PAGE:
Panel debates literacy law that would hold struggling 3rd graders back


The Heard Museum hosted a panel of educators and members of the community to discuss the issue of a law holding back third-graders who fall below testing standards. (Carolyn Corcoran/DD)

Educators and community members speaking on a panel at the Heard Museum Thursday agreed that the law requiring third-graders to be held back if they fall below AIMS reading testing standards needs to be changed.

The discussion, hosted by ideas exchange Zocalo Public Square and the Mary Lou Fulton Teachers College, was moderated by Arizona Republic education reporter Cathryn Creno. The panel members included ASU literacy education professor Frank Serafini, city of Phoenix youth and education manager Tim Valencia and Griffith Elementary School instructional coach Daniela Robles.

Arizona implemented a 2010 state law this school year. According to the Education Commission of the States, “provisions for early identification of difficulties … should form the basis of effective state policy.” The ECS noted that 22 different states and the District of Columbia have been identified as having policies centered around this idea, including Arizona.

The speakers discussed the issues relating to the new law requiring third-graders to be held back if their reading scores fall drastically below the score necessary to pass. According to Creno, the state estimates that 1,500 Arizona third-graders who are not in special education programs and not English language learners are being held back this year because of the new law.

“We have lots of issues in learning to read,” Serafini said. “One of the biggest issues is how we define being able to read. We’re defining it primarily by a test in this case. What (students) can do with reading would require more assessments and understanding.”

Creno said that a year ago, Arizona Gov. Jan Brewer made sure that $40 million, or about $130 per student, was allocated to each school district in the state specifically for reading programs up to a third-grade level.

“Let’s think about when the appropriations actually came to be,” Robles said. “Those students were in second grade. When we’re thinking of literacy, it starts far before second grade. We have a goal that all third-graders will be reading at grade level. How have we task-analyzed?”

The panel agreed that reading habits are developed early in a child’s life. Creno posed the question as to whether or not it is crucial for kids to love to read when they are young, leading to a passion.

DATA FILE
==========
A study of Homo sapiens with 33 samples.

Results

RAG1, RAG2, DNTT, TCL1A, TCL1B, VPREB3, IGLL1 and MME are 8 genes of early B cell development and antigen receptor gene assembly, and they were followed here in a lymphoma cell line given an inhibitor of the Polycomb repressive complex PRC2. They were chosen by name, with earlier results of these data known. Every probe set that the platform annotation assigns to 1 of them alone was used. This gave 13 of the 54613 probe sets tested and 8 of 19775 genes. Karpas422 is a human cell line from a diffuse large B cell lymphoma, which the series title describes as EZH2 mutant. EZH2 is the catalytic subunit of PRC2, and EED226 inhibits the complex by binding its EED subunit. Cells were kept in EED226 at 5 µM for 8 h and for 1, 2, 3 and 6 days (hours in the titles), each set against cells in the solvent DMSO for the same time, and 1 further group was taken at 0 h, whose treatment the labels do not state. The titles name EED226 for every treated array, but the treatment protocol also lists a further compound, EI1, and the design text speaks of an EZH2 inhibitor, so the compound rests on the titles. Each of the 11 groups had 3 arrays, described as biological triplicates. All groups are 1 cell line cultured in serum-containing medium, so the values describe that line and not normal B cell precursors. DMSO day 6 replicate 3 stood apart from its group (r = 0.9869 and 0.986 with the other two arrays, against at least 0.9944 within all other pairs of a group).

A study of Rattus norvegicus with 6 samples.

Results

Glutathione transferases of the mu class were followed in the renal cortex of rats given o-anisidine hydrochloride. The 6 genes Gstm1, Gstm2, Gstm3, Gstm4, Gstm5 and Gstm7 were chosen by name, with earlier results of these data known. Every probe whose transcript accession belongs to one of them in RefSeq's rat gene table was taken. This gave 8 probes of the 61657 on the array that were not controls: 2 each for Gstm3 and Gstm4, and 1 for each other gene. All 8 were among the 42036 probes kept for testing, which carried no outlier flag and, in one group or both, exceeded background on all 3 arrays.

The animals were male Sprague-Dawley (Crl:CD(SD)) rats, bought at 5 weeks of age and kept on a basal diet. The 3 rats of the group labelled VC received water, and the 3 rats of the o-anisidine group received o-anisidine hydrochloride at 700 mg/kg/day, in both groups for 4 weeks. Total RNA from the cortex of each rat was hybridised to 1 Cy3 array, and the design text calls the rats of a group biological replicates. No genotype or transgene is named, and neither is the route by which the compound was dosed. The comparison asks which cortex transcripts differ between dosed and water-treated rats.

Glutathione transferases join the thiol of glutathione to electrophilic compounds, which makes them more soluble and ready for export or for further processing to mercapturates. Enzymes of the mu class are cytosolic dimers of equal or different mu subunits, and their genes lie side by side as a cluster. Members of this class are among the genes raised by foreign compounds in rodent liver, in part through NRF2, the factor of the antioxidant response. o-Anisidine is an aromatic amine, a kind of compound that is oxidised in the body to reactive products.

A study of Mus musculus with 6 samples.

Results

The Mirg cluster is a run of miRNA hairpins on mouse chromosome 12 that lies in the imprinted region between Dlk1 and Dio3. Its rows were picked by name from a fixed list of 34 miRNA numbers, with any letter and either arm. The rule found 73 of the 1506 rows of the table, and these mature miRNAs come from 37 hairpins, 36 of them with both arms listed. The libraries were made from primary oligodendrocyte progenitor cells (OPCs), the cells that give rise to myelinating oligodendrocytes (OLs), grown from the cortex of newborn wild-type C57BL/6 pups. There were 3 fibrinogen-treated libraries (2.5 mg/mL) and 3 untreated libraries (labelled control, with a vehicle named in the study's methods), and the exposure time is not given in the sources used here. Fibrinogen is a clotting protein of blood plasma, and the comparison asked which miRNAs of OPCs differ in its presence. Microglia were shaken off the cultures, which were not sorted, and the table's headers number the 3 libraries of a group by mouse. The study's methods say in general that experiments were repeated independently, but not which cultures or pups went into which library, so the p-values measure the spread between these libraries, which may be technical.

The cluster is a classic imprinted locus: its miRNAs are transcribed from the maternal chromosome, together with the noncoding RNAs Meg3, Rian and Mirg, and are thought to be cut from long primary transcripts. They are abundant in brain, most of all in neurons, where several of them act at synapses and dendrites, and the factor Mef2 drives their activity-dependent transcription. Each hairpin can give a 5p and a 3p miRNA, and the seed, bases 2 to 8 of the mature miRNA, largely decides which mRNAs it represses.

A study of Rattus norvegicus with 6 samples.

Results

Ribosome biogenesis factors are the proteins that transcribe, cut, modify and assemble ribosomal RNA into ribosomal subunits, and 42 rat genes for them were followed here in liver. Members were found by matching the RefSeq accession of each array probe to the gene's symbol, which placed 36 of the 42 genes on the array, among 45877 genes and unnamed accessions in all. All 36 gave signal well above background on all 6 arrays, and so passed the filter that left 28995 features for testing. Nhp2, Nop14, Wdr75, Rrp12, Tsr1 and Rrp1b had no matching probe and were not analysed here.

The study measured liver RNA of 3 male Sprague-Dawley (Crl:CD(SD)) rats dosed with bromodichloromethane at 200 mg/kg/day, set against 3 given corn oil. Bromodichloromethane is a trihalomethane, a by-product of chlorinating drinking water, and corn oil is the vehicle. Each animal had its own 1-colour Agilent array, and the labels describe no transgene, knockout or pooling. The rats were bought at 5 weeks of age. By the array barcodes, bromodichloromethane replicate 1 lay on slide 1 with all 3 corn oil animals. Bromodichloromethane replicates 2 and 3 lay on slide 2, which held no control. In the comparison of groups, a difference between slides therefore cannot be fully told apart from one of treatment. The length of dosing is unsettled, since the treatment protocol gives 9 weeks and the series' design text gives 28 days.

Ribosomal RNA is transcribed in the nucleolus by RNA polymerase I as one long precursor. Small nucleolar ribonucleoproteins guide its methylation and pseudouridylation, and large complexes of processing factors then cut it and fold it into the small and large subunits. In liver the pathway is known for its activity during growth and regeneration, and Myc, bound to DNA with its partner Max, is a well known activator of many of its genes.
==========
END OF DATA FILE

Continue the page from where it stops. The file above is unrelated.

“It all speaks to language experiences,” Robles said. “That’s what really opens up a child’s curiosity and motivation. I think it starts early that we encourage that natural love of wanting to find out what might be between those two covers.”

The panel offered a variety of possible solutions to refueling a passion for knowledge in young children. The general consensus was that holding students back will not necessarily be beneficial.

“I would say overall research shows that holding children back doesn’t have a great track record,” Serafini said. “I think that the intentions are noble … but when we do hold children back, the chance of them dropping out sooner and the chance of them not being successful are really hard to refute.”

According to Valencia, who is an early childhood expert, society does not stress the importance of the children’s early years enough. He also said the problem with reading does not rest solely with schools, but communities as well. Communities need to bring the necessary resources in to make them thriving learning environments.

“How do we involve our businesses, our community, to help these inner-city youth begin their home library?” Valencia asked. “I think it’s role modeling, access and opportunity. There’s communities in Phoenix that don’t have a library close by. If a school doesn’t open their library on a Saturday, then that’s a huge missed opportunity.”

The panel was also in agreement that a personalized approach to the development of children’s reading skills is more beneficial to their education. Serafini said teachers have narrowed their curriculum to the point where they are just trying to adhere to standardized testing requirements. He said this could cause teachers to lose the ability to relate to students in an interesting way that truly makes them want to learn.

“Any time we’re looking at one measure to define whether a student is proficient or not proficient, that’s an issue,” Robles said. “We really need to think about what we are prioritizing around funding, around effort, and around community.”